Monday, April 8, 2019

The moon waits for no one

I have been wanting to try planting according to the moon for ages, and carefully marked on my calendar that the first weekend in April was the prime time to plant root vegetables.  The time of the waning moon, when the gravitational forces pull the roots down into the earth., supposedly giving them a good start in life.
Then I threw my back out -a common side effect of gardening!
I remembered the seed tape I had made years ago, and wondered if that would not be the answer to my dilemma.  Nothing is actually better for my well-being than sorting through my seeds and imagining huge harvests. I sat on the couch and laid the strips  out onto a wooden board.  Spraying with a seaweed spray as I went along to give those little seeds a taste of things to come.  I have pretty tight spacing, and stagger the seeds to get more in.  I start picking leaves when they are still small, so they can be pretty close together.
 I already have tatsoi going down the one side of the bed, and beetroot down the other, so the strips did not have to be very long.  I pulled away the mulch, and sitting on my little step stool, gently laid my seed tape into the furrows.  I have carrot, turnip, and bunching onion, with silverbeet and lettuce in between, so not only root crops. The soaker hose meanders between the rows  just under the mulch.
 I like to use brunnings seed raising mix which comes in a compressed block.  I sprinkle the dry mix over the seeds, and then wet it down afterwards, and find that I can get a nice even layer that way. We are still having some heavy rain, and then when the sun does come out it can be pretty intense, so I suspended a piece of shade cloth over the bed.  This was a piece I cut from a large shadecloth from the pool area that was being replaced.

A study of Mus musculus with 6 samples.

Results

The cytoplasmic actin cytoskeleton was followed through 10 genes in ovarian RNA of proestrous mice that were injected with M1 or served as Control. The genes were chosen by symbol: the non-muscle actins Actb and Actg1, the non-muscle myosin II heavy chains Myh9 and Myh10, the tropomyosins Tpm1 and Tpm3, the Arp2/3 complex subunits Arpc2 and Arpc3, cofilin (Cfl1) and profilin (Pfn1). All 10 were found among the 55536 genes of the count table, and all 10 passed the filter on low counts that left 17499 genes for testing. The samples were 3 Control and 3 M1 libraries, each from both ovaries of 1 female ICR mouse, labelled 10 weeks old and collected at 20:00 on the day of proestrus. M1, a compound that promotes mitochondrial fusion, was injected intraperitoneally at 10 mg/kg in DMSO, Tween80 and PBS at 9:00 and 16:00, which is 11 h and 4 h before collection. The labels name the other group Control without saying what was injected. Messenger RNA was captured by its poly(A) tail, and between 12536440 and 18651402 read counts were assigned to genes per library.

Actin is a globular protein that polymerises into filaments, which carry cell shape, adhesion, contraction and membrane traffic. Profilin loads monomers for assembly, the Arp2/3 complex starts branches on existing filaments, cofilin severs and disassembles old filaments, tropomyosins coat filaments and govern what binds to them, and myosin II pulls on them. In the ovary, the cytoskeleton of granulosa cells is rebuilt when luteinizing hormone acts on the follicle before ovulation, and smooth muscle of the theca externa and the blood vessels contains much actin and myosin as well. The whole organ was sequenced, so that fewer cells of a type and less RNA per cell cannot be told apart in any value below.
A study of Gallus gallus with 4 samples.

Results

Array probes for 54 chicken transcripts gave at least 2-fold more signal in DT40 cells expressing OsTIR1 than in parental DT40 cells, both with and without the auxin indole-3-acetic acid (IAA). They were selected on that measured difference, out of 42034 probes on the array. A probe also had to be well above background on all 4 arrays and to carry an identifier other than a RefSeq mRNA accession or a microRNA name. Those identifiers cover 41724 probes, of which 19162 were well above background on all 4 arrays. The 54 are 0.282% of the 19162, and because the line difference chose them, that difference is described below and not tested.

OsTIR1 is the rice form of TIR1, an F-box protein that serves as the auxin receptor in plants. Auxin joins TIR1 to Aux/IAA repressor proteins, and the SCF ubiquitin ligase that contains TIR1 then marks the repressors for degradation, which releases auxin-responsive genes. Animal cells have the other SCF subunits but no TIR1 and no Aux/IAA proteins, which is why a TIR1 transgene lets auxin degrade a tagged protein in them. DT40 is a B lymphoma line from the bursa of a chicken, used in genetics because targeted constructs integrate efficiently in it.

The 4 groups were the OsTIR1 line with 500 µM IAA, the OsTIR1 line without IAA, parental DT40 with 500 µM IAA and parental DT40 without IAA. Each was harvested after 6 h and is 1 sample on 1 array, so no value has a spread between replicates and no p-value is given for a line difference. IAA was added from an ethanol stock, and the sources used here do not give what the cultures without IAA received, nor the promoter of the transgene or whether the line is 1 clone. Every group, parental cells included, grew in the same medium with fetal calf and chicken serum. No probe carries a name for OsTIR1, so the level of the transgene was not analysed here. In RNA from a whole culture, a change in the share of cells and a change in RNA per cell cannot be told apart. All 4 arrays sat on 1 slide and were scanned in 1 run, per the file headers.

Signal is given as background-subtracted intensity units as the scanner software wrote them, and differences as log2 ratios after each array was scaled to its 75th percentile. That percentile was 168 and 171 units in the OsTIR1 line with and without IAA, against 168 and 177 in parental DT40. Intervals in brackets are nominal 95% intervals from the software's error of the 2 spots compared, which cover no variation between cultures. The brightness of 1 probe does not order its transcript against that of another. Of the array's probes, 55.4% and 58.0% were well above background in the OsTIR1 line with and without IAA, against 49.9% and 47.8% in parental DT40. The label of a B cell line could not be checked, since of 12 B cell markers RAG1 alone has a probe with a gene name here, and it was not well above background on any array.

I will see how it goes in the wind, and if it allows enough light in once the seedlings start to poke their heads up.  I do have lots of tiny green grasshoppers around so sprayed a little garlic chili spray onto my basil to deter them.  The cucumber plants that came up from seed a couple of weeks ago have been decimated!
I have a few seedlings in my greenhouse to plant out once we reach the next phase of the moon, when you plant plants that tend to grow up.  That will be in the waxing moon phase.
do you plant according to the phases of the moon?  seeds or seedlings?

15 comments:

  1. The moon planting sounds interesting...would love to know how different it is than planting out starting in the seasons.

    at first I was very skeptical, but it has something to do with the gravitational pull of the moon - in the same way that the tides work. I am yet to be convinced though!








      I think a lot of of aspects come into play as well, so the moon planting is just one aspect.




      Very interesting, I think a lot of old cultures were much more attuned to all parts of nature than we are! I have no idea which culture this moon calendar follows, that is worth researching.